Return on capital employed (ROCE) is a good baseline measure of a company's performance. It is especially useful when comparing certain types of businesses. It is best employed in conjunction with other performance measures rather than looked at in isolation. ROCE is one of several profitability ratios used to evaluate a company's performance. It is designed to show how efficiently a company makes use of its available capital by looking at the net profit generated in relation to every dollar of capital utilized by the company.

## ROCE Formula

The formula used to calculate ROCE is as follows:

$\begin{aligned} &\text{ROCE} = \frac{ \text{EBIT} }{ \text{Capital Employed} }\\ &\textbf{where:}\\ &\text{ROCE} = \text{Return on capital employed}\\ &\text{EBIT} = \text{Earnings before interest and tax}\\ \end{aligned}$

Some analysts use net profit rather than EBIT to do the calculation.

ROCE is a useful measure of financial efficiency since it measures profitability after factoring in the amount of capital used to create that level of profitability. Comparing ROCE to basic profit margin calculations can show the value of looking at ROCE.

## ROCE Versus Basic Profit Margin Example

For example, consider two companies, one with a 10% profit margin and the other with a 15% profit margin. The second company appears to be performing better. However, if the second company uses twice as much capital to generate its profit, it is actually a less financially efficient company because it is not making maximum use of its revenues. A higher ROCE shows a higher percentage of the company's value can ultimately be returned as profit to stockholders. As a general rule, to indicate a company makes reasonably efficient use of capital, the ROCE should be equal to at least twice current interest rates.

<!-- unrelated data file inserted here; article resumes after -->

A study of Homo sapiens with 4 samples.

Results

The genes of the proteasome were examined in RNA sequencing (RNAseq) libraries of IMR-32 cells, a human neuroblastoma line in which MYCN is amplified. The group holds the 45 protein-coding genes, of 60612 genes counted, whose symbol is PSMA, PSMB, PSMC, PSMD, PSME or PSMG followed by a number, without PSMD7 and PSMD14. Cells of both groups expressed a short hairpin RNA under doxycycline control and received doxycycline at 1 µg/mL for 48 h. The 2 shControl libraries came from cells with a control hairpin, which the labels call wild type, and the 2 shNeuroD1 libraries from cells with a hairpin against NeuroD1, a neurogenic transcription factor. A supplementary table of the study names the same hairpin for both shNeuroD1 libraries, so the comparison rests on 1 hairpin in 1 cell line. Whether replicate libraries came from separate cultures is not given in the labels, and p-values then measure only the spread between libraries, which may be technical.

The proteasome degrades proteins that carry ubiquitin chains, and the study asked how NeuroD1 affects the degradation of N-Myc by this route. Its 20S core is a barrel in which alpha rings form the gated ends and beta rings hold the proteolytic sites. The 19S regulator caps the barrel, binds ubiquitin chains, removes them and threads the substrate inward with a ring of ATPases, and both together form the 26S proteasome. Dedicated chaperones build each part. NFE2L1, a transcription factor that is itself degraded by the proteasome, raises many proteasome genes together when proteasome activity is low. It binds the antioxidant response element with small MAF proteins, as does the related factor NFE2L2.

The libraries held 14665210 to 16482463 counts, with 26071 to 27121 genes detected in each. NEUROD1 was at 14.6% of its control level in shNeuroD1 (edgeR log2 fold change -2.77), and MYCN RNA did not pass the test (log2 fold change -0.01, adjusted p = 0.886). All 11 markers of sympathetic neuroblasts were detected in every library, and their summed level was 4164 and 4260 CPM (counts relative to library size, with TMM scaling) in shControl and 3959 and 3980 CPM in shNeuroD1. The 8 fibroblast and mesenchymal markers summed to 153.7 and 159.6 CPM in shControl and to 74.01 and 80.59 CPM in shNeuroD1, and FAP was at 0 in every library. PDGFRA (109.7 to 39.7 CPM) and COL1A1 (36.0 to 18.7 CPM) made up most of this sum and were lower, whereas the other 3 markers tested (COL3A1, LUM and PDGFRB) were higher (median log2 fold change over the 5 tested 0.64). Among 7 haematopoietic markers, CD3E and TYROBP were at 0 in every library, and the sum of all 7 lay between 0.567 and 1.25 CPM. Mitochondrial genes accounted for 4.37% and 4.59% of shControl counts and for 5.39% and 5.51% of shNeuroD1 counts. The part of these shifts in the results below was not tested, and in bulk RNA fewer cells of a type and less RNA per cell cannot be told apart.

ROCE is a useful metric of financial performance and has been shown to be particularly helpful in comparisons between companies engaged in capital-intensive industry sectors. It has gained a strong reputation as a benchmark financial tool for evaluating oil and gas companies. No performance metric is perfect, and ROCE is most effectively used with other measures, such as return on equity (ROE). ROCE is not the best evaluation for companies with large, unused cash reserves.